This is an archived article and the information in the article may be outdated. Please look at the time stamp on the story to see when it was last updated.

CHICAGO (NewsNation Now) — With many people newly vaccinated, the Centers for Disease Control and Prevention is changing the rules for what Americans can or cannot do to remain safe. 

The changes are causing confusion for some lawmakers. 

CDC Director Rochelle Walensky is promising the agency is following the latest science.  

“My appeal is to implore everyone to get a COVID-19 vaccine as soon as possible as the fastest way to end this pandemic,” said Walensky. “But even with this powerful tool [vaccine], while we continue to have community transmission, we must also maintain public health measures we know will prevent the spread of this virus – mask, hygiene, hand hygiene and physical distancing.”

Some politicians believe the updates are more confusing than helpful. 

“I used to have the utmost respect for the guidance from the CDC. I always considered the CDC to be the gold standard. I don’t anymore,” said Sen. Susan Collins (R-Maine).

Other lawmakers are asking for the CDC to reconsider mask requirements for kids who are going to camps.

Current CDC guidance for masking: 

  • People 2 years of age and older to wear a mask.
  • Any time you are in a public setting
  • Any time you are traveling on public transportation 
  • When you are around people who do not live with you, whether inside your home or their home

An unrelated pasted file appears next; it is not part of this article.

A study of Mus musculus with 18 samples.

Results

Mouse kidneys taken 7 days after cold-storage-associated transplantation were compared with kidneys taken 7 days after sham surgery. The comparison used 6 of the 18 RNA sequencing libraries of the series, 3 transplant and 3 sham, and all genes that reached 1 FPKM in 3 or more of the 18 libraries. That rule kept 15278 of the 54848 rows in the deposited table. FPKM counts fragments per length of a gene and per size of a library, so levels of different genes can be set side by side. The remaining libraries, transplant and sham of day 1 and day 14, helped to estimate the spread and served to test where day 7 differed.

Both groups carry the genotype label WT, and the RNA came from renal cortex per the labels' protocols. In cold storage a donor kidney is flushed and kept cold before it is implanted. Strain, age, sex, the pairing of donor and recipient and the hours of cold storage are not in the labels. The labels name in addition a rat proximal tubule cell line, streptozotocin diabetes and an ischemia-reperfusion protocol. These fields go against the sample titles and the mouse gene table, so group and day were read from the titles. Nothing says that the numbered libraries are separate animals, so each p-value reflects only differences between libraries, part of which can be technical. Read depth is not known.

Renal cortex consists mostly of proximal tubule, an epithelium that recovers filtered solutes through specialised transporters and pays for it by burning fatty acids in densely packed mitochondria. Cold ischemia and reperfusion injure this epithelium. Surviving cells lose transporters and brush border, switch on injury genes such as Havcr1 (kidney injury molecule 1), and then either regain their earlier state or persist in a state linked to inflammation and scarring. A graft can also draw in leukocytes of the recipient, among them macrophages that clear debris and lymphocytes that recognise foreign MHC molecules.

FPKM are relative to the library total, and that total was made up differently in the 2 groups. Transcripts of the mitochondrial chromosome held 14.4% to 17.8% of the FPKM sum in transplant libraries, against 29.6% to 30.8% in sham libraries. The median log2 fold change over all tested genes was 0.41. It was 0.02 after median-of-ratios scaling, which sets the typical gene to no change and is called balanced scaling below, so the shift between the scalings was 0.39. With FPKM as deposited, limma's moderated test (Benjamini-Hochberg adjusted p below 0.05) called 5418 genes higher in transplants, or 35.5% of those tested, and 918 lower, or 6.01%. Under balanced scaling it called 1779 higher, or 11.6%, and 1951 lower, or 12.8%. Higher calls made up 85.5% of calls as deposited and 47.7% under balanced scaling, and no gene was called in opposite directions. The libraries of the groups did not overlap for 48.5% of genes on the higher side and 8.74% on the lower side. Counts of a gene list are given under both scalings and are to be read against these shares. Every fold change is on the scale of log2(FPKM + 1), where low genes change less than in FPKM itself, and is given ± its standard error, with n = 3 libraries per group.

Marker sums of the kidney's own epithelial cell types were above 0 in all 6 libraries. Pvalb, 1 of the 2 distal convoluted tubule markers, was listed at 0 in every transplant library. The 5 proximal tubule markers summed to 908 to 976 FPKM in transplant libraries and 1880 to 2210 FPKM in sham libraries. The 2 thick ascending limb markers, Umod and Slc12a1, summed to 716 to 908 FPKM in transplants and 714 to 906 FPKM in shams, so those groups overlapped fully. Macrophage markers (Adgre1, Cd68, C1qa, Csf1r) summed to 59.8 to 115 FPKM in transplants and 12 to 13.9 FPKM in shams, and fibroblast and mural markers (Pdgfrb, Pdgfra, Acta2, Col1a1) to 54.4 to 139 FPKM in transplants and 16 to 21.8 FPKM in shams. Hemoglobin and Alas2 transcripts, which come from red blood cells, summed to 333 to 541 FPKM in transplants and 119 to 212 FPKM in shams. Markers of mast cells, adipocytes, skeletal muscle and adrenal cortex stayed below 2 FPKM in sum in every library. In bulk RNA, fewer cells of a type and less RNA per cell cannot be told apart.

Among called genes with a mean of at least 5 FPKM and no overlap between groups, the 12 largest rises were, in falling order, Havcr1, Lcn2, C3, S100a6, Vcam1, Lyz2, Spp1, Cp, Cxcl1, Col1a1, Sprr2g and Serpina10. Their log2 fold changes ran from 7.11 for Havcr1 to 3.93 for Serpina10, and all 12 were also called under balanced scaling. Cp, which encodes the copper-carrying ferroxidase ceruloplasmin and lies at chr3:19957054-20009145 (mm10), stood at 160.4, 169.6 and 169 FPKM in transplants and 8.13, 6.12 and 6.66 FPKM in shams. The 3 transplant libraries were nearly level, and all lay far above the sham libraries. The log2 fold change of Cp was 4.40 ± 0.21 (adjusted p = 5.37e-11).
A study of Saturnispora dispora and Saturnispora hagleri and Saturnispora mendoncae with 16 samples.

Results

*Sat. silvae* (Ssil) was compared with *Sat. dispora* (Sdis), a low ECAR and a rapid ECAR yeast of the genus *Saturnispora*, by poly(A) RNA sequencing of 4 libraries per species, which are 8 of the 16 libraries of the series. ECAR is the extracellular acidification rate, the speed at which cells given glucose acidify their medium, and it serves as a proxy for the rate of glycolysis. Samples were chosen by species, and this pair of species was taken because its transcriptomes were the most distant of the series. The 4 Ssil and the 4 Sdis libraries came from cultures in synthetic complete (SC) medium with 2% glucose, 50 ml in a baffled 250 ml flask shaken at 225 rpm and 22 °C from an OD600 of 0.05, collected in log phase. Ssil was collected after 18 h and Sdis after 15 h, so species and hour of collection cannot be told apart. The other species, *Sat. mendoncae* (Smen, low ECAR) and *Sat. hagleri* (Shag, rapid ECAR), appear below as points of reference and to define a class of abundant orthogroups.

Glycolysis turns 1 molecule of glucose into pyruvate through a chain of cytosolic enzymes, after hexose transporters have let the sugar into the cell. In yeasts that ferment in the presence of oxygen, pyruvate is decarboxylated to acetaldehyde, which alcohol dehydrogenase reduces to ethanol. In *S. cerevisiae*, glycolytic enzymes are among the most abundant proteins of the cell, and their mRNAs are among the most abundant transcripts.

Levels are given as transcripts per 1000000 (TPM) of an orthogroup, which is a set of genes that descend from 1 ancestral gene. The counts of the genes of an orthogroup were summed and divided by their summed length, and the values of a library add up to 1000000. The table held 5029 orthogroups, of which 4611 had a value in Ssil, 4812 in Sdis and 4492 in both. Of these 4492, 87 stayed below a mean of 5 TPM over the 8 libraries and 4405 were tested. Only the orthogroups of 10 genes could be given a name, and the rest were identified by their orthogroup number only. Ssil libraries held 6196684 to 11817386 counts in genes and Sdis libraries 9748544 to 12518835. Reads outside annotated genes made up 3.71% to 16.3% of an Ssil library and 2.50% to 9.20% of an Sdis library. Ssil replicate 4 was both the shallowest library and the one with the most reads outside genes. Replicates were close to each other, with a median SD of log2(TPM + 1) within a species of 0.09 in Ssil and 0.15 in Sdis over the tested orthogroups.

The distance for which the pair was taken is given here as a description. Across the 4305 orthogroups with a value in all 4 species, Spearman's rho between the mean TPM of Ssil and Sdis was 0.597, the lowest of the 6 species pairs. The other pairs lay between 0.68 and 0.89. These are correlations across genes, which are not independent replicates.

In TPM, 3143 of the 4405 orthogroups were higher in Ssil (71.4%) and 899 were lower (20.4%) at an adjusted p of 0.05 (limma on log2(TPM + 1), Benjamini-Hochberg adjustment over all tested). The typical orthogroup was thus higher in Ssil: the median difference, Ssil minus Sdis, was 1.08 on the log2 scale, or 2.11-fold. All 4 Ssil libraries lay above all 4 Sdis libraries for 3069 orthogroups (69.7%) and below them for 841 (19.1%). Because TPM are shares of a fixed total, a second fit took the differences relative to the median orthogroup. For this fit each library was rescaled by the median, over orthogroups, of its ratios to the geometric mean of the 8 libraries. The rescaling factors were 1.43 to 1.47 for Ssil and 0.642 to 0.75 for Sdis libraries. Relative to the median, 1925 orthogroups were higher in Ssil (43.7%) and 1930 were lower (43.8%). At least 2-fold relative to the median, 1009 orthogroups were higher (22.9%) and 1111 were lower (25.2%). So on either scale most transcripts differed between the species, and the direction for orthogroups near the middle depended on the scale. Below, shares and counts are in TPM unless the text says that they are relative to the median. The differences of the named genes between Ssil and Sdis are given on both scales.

The only exceptions are:

  • Children under the age of 2
  • A person with a disability who cannot safely wear a mask
  • A person for whom wearing a mask would create a risk to workplace health, safety, or job duty 

Now, the CDC is adding another group: people who are fully vaccinated.

The change echoes what some scientists have been saying as well.

“Well, risk of transmission outdoors is a lot lower than it is indoors,” said Dr. Brian Labus of the University of Nevada, Las Vegas. “And as we have more and more people vaccinated, the need for a mask outside starts to decrease quite a bit. So we’re at the point where as long as you’re not in a large crowd, we could easily go without masks outside.”

Dr. Monica Gandhi, professor of medicine at the University of California, San Francisco, says new data reveals everyone should be maskless outdoors — whether vaccinated or not. 

“The fact that it disperses really quickly in the outside air…doesn’t like heat, doesn’t like humidity — so, low rates of outdoor transmission. Many scientists have been advocating for no outdoor masking — unless you’re in tight pack spaces. And that would separate from vaccination status because it’s really the biology of outdoor transmission that would drive outdoor masking,” said Gandhi.

As scientists continue to study COVID-19, both doctors say to be prepared for even more changes. They also agree vaccination is the best way to stop the spread of the disease.